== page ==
Would you watch the news online or via a mobile app if it were presented by something that looks human, but is in fact an artificially intelligent virtual human?
Today’s episode features Leon Hawthorne. Leon is a media executive, journalist and academic; a former CEO of two satellite TV channels, three cable stations, a TV production company and a dozen web channels. He created web TV channels for Boot’s, Borders and Waterstones, and advised the CEOs of Hearst Magazines, the Independent and London Evening Standard on digital content strategies.
In his journalistic career, he was a World News Anchor for both CNN International and CNBC Europe. For BBC News, he was a member of the parliamentary lobby, attending daily briefings at 10 Downing Street, reporting politics and producing current affairs documentaries for BBC One and BBC Radio 4. Leon is presently on an academic sabbatical, researching for a PhD at City, University of London, while lecturing in Media and Corporate Communication.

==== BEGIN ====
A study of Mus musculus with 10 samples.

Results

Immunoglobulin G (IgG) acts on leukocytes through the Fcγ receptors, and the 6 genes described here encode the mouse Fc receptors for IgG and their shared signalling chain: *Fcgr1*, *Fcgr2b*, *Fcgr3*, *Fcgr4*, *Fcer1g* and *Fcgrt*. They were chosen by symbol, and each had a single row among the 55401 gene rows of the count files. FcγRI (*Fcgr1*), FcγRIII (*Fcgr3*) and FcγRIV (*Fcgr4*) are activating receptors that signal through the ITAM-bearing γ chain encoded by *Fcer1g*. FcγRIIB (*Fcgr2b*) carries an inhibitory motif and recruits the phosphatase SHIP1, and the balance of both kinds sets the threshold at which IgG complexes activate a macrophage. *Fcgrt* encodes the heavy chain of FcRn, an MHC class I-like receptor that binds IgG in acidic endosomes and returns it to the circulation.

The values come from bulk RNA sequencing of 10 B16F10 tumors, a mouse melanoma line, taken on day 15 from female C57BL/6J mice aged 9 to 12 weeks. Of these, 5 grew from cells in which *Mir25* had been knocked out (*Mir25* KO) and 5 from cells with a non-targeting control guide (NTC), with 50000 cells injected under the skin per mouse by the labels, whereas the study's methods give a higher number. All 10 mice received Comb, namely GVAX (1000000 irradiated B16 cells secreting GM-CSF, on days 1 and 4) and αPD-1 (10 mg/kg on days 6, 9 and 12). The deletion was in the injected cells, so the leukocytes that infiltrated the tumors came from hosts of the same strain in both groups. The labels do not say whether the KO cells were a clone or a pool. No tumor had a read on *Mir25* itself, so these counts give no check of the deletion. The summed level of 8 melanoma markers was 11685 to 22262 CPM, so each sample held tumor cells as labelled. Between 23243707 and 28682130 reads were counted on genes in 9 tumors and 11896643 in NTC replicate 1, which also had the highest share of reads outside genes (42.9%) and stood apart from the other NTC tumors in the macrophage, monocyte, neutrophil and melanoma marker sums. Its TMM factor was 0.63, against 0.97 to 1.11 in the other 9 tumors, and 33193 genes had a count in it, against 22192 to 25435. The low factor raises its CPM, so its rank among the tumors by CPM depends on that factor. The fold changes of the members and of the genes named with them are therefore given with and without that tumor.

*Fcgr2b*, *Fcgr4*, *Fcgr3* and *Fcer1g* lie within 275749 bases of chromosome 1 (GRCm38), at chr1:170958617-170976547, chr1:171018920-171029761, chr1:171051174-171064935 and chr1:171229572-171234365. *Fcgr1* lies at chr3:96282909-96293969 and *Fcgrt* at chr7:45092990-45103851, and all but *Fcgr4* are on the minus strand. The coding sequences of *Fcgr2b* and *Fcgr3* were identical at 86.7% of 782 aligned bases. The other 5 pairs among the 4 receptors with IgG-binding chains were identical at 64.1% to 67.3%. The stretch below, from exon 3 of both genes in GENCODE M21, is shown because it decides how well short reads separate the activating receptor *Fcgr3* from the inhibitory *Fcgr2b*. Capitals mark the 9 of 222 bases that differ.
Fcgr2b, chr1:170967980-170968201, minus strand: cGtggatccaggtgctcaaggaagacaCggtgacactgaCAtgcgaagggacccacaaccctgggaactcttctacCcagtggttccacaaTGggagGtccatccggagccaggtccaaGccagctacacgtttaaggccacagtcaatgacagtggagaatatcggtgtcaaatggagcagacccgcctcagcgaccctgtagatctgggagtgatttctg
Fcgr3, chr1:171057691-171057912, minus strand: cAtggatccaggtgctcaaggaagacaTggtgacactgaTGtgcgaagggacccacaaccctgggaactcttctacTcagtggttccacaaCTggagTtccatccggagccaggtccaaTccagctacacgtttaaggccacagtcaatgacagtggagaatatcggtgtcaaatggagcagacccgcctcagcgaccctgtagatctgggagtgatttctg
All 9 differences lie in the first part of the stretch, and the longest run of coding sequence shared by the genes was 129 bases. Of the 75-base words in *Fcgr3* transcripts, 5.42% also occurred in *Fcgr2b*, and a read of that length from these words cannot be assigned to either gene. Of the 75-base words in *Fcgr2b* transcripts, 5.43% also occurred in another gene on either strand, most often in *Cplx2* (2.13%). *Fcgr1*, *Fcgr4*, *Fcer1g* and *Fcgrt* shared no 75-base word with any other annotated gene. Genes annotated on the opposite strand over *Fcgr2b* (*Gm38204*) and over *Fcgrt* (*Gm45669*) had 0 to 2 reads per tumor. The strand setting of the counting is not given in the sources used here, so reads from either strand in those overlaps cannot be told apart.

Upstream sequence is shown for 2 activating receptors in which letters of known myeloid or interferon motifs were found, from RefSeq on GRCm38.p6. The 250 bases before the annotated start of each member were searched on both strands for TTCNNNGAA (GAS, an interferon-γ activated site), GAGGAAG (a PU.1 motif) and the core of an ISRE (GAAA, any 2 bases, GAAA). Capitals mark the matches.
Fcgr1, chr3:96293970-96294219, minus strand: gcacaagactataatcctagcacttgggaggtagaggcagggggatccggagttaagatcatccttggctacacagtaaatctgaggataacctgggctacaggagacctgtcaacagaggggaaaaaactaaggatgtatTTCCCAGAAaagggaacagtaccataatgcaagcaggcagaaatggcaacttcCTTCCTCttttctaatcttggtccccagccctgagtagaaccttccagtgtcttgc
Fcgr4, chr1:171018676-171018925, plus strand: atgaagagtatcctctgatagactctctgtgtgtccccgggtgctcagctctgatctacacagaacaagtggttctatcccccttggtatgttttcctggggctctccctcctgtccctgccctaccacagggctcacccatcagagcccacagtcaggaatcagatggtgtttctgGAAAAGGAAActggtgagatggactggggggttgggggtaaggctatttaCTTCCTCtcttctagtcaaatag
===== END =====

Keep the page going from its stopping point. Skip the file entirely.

In our conversation, we discussed his PhD Research: ‘Talking Heads: The use of virtual human presenters in the delivery of personalised news content’. The experiment itself uses AI to detect how participants really feel about the images they see, instead of relying wholly on answers participants give on a questionnaire. After being granted permission, the cloud-based software accesses the participant’s webcam to analyse their microexpressions, as they watch the videos. Microexpressions are small, rapid movements of the facial muscles that psychologists believe betray subconscious emotional reactions.
The technology for the experiment was developed by Affectiva Inc., the pioneer of Emotion AI. The research is interested particularly in seeing how opinions vary, depending on the age and sex of participants, and also on how much they use smartphones and other new technologies. Anyone aged over 18, who has access to a computer with a webcam, can take part in the 10-minute online experiment.